Fast Company

Boxee Responds to Apple TV: "We're Taking a Different Path"

Boxee Beta from boxee on Vimeo.

Apple's newly redesigned, strikingly simple and unnervingly cheap Apple TV is going to be trouble for a lot of other companies in the media center space. Some, like Roku, may have trouble competing at all anymore, and some analysts have put the upcoming Boxee Box in the same category. Boxee, unsurprisingly, disagrees.

Boxee is an open-source media center, currently available as a free software download on a score of other products (including Mac, Windows, Linux, Xbox, and, coincidentally, the last-gen Apple TV). It's a connected media streamer, albeit with more of an emphasis on local content than the Apple TV, but it's also emblematic of an older conception of this kind of product. It's highly sophisticated and fairly simple to use, but the "more plus more equals more" attitude is something gleaned from predecessors like Windows Media Center and XBMC.

Apple's entertainment roadmap is designed to be sleek, small, and simple. It accesses iTunes, and it streams Netflix. On the other hand, here's what Boxee can do.

Boxee streams just about any kind of video you can imagine, from Netflix and Hulu to the individual sites of content providers like Comedy Central and ABC--basically, anywhere there's legal video on the web, Boxee will find it, and present it in one nice interface. That's all in addition to four hundred other "apps," including Vimeo, MLB, and Pandora. Even better, Boxee can stream video in a startling array of formats (including pirate favorites like Xvid and MKV) from computers on the network. (In comparison, Apple TV is highly limited in the formats it can play back.)

Long in development, Boxee's first hardware, the Boxee Box, is due out in November for $199--twice as expensive as the Apple TV. But it's certainly more capable, with wide software and format support in addition to more powerful hardware (it can run 1080p video, compared to Apple TV's 720p max) and expandability (the Boxee Box has two USB ports and one SD card slot for viewing photos--the Apple TV has, well, nothing). So it makes sense that Boxee feels comfortable saying the two products can coexist.

In a blog post today, Boxee employee Avner Ronen writes:

We all watched the Apple announcement. We walked away feeling strongly confident about the space it left for Boxee to compete. We have a different view of what users want in their living rooms. We are taking different paths to get there. The Boxee Box is going to be $100 more expensive than the Apple TV, but will give you the freedom to watch what you want. We think it’s worth it.

And I agree, for the most part. For real media junkies, the ones who know and care about things like MKV playback and automatic BitTorrent support and hundreds upon hundreds of available plugins, the Boxee Box is the better choice. I think the Boxee Box, provided it works as promised, will sell pretty well to that sector of the market. Of course, the $99 Apple TV will almost certainly sell far more, to everyone and their grandparents, but I agree that the two products do address different segments of the market.

That's the key takeaway point from all this. Just like the smartphone market was a year ago, the connected TV market is barely getting started, and there's plenty of room for all kinds of competitors. Just because Apple TV will likely be successful doesn't mean the Boxee Box won't also do well, in its own way.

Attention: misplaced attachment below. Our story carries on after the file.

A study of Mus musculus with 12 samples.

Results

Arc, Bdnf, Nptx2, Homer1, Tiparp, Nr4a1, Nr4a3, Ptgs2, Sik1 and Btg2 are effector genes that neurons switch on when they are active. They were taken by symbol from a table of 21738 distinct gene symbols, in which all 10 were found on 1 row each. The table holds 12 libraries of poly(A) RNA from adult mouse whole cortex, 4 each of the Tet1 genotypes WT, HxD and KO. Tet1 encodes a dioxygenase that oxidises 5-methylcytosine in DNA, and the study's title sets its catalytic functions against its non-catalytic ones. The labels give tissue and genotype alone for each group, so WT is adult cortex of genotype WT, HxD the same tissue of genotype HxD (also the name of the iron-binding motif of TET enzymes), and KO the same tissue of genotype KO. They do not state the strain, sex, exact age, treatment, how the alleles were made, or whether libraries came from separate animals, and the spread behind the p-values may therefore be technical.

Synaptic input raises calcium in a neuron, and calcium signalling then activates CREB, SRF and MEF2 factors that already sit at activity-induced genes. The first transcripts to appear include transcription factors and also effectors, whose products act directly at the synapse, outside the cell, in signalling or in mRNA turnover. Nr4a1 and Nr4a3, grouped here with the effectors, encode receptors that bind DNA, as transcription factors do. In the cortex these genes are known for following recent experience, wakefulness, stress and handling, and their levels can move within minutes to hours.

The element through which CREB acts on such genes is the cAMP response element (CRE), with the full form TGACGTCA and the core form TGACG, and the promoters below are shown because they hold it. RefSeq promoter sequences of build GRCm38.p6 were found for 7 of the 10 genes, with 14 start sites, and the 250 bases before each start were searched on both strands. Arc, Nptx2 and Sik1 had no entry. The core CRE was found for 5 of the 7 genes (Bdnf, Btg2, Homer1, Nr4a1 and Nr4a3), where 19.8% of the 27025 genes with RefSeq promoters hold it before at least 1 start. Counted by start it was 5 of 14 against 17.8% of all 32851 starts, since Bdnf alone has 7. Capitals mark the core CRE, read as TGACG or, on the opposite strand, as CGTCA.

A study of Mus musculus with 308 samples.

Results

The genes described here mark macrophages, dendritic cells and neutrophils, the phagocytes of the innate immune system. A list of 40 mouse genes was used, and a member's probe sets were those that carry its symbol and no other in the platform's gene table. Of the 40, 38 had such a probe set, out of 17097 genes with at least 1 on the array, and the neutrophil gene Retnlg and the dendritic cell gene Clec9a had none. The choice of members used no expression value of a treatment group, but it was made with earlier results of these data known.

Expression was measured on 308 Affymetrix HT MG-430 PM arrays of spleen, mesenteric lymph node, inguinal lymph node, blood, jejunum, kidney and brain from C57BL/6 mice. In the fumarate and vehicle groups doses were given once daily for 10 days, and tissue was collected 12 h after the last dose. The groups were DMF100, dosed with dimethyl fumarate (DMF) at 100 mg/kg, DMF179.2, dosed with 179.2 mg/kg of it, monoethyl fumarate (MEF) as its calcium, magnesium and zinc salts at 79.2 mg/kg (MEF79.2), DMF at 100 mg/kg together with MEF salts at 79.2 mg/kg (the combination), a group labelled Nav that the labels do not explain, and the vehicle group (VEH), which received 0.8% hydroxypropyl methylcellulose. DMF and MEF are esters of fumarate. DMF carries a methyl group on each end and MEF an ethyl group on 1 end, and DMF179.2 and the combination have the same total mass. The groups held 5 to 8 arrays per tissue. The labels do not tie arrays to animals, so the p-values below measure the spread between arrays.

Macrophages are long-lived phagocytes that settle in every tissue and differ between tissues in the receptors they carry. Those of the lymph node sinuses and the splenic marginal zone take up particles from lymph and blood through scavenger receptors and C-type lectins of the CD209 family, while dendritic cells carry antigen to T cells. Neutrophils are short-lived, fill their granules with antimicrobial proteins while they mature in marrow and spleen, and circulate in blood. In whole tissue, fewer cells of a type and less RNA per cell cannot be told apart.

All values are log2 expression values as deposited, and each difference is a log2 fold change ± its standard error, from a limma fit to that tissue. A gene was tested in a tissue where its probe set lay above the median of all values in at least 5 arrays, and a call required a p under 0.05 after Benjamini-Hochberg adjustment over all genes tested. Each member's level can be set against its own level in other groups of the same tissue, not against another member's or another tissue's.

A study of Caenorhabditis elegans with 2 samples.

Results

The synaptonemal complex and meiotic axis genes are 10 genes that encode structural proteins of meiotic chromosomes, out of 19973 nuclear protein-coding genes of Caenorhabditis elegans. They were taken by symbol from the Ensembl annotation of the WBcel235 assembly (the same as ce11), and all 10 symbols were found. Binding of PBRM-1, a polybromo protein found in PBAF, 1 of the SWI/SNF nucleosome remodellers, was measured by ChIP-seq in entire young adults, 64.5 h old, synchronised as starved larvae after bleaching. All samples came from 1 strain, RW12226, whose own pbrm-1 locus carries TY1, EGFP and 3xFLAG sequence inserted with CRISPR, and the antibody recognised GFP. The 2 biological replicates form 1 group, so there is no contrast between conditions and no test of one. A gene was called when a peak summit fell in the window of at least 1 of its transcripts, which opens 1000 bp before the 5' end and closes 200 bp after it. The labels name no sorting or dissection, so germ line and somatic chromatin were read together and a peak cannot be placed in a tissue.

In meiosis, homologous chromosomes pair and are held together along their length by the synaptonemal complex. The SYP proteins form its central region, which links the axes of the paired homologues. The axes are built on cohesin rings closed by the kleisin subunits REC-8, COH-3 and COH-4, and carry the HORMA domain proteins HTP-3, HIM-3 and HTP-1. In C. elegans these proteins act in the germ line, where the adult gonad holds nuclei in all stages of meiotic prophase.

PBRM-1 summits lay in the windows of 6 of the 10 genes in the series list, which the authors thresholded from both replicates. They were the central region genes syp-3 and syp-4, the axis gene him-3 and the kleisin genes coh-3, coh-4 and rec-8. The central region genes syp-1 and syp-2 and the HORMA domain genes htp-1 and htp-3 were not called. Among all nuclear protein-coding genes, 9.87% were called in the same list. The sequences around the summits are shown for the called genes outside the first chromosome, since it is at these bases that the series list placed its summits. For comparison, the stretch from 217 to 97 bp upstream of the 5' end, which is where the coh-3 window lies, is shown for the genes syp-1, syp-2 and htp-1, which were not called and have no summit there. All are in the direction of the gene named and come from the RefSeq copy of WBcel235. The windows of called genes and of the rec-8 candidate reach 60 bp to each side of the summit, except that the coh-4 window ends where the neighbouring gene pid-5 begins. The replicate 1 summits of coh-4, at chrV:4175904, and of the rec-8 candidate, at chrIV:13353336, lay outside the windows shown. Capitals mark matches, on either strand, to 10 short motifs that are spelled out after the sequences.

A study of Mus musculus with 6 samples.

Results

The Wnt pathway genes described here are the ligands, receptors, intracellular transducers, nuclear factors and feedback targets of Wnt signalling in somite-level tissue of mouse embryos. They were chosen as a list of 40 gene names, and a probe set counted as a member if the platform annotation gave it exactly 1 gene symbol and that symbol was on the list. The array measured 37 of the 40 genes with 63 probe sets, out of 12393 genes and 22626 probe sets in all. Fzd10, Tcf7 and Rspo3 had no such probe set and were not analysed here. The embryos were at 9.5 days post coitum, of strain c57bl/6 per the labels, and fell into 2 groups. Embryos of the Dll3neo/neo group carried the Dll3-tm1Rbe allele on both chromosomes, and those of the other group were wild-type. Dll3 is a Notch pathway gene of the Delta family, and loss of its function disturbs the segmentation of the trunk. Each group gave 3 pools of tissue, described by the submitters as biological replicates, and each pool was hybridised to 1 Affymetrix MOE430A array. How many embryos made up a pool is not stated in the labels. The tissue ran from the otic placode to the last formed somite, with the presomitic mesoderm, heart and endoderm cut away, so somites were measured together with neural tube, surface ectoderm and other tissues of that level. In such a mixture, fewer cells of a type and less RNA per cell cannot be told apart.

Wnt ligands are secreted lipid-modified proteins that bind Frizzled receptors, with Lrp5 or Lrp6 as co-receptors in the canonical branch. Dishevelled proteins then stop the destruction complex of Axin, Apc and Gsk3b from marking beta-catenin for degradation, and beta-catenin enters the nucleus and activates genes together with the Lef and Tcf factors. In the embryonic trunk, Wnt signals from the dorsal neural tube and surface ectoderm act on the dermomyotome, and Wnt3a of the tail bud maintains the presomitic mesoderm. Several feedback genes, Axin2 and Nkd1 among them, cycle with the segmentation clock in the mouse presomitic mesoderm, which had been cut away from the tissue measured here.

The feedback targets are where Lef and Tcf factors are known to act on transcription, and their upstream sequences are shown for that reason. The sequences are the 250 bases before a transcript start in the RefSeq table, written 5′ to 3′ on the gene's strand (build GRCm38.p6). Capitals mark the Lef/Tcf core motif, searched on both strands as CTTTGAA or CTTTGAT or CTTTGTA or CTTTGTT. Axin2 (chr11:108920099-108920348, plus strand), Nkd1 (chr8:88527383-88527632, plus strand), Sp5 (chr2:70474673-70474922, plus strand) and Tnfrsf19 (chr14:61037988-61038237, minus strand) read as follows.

Dan Nosowitz, the author of this post, can be followed on Twitter, corresponded with via email, and stalked in Brooklyn (no link for that one--you'll have to do the legwork yourself).


  • David Mullings

    Dan, you are spot on. The market has segments and Apple is targeting a completely different segment from the one that Boxee is focusing on.

    Just like how we have multiple computer hardware makers, we can have multiple hardware vendors in the connected tv market and the market will be big enough for more than just two companies to play in the space.

    The more choice consumers have the better off we are.

  • Krisy Trnavsky

    What I don't like about Boxee is all the porn apps that are available. I have young kids and I like that Apple is more family friendly. Plus, Apple tv is easy to use. My kids can navigate it easily and there are parental controls.

  • ClickBrain

    The key problem for Boxee is their interface is lacking and they have no market capability.

    Just because you build a screen covering interface with big buttons doesn't make it intuitive or easy to use. So far they've missed the boat on the absolutely key metric that every analyst misses when they criticize an Apple product because it doesn't have feature or service A, B, or C - its the interface stupid. Users don't care if you have more features if you cant find it. Apple sucks you in with ease and then adds more as they see you needing it. Apple, 37Signals, and a few other folks are the only ones that seem to understand the mentality of humans. I don't want more. I want just enough to make life better, easier, and more elegant. Thats why Apple wins again and again and again.

    They will win this market and they will dominate the new TV experience. Poor Roku... I wish Apple would buy them for their customer base and because they got it when it came to simple functionality and a smart model.